2008 has indeed opened with a bang. I am not referring to the displays of fireworks that marked the stroke of midnight in many countries around the world. I refer to the happenings that we have experienced in these few days.
Malta is now a Euro Country. This is a natural development of our accession to the European Community and a commitment we had negotiated and which we have now fulfilled.
As the Prime Minister has said, this is not about the pictures on the paper we use as a medium of exchange. This is about the economy. The Euro will bring considerable benefits to Malta which will eventually mean jobs and wealth creation.
There will be much more transparency in our prices as many Maltese would now be able to compare the prices they are paying for goods and services with those they pay when they are travelling in Europe and those they see advertised on European television stations.
Our international relationships will be much more streamlined as we talk the same currencies with our clients and our suppliers, being able at the same time to relate directly to our local cost structure which will be denominated in the same currency.
Hassle will be reduced from the financial transactions that are Euro denominated as will the conversion costs that used to chip into all the money movements that took place. The hassle that remains is that of the security freaks that with the excuse of fighting terrorism are nosing in the our privacy collecting data at the lowest possible level using it for God knows which end.
It is a fact that the Euro will need to be absorbed by the population at large. The people need to get used to it and need to start appreciated value which is now defined differently. We could up to now make instant judgement on the cost benefit of anything that cost one lira, or five liras or ten liras, and so on. We have now to make the same judgement on cost-benefit grappling with two Euros, ten Euros, 25 Euros, 50 Euros, etc. It will happen. The sooner the better.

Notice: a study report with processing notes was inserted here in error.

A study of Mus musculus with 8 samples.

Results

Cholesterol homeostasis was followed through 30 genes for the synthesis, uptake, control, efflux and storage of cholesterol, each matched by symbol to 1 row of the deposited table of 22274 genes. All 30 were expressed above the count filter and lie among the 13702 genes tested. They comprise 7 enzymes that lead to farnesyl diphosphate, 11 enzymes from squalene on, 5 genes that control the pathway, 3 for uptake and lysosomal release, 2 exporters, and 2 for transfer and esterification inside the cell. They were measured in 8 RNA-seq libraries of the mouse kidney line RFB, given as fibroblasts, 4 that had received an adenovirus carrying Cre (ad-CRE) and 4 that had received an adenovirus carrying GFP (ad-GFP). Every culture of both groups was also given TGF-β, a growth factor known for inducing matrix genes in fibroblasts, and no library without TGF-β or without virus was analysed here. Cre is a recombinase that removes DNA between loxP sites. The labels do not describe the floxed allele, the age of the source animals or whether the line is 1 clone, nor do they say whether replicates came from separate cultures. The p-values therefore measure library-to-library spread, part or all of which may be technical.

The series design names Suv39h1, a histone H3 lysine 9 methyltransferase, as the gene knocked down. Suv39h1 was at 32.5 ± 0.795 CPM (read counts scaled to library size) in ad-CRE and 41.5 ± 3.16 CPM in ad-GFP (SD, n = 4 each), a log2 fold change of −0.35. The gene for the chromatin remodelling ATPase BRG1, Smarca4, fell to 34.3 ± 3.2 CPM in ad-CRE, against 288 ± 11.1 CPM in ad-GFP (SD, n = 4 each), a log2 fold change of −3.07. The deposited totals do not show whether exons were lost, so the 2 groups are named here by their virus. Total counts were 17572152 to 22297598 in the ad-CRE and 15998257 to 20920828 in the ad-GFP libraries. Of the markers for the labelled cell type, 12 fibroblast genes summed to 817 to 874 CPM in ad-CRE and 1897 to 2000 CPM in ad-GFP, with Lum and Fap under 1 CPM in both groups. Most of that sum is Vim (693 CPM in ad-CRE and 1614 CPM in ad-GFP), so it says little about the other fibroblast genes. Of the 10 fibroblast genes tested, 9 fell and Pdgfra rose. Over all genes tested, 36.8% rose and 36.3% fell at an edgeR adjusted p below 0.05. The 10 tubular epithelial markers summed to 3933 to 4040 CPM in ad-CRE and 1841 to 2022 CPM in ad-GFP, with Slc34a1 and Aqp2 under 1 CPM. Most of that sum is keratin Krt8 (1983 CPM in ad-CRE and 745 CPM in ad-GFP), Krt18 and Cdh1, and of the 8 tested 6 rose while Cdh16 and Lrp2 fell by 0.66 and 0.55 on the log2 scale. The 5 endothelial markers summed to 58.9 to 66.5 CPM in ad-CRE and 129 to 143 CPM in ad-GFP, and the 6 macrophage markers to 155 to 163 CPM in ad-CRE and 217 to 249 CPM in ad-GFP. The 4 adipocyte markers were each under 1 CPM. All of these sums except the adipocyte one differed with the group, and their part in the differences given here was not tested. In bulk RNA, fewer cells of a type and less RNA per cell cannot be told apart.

But the biggest challenge will be our maintenance of an economic progress that is equivalent to that of the eurozone. Having the same currency implies having the same economic robustness. We are not a big economy but we are surely an economy that can perform. The key actions (not words), are innovation, flexibility, pragmatism and a user friendly bureaucracy. I would have the opportunity to delve deeper into these issues in future contributions.
It is far, far away from us. But the heart still aches to see the devastation, the genocide, the disorder and the misery that has converted what was being considered as a beacon of democracy and economic development in Africa to a tribal war zone.
This situation was evidently developing for some days before the final result of the election was announced by the electoral commission and which handed victory to the incumbent. Why do the “leaders” who go around the world, sitting at tables talking to each other not have taken some type of initiative to prevent this disaster? Why does a situation has to deteriorate to such proportions for them to start moving? As we face a new wave of refugees, a new ethnic cleansing exercise, another instance of human misery, we will soon be asked to send tents, food, medicines to alleviate the suffering. How about trying to prevent it?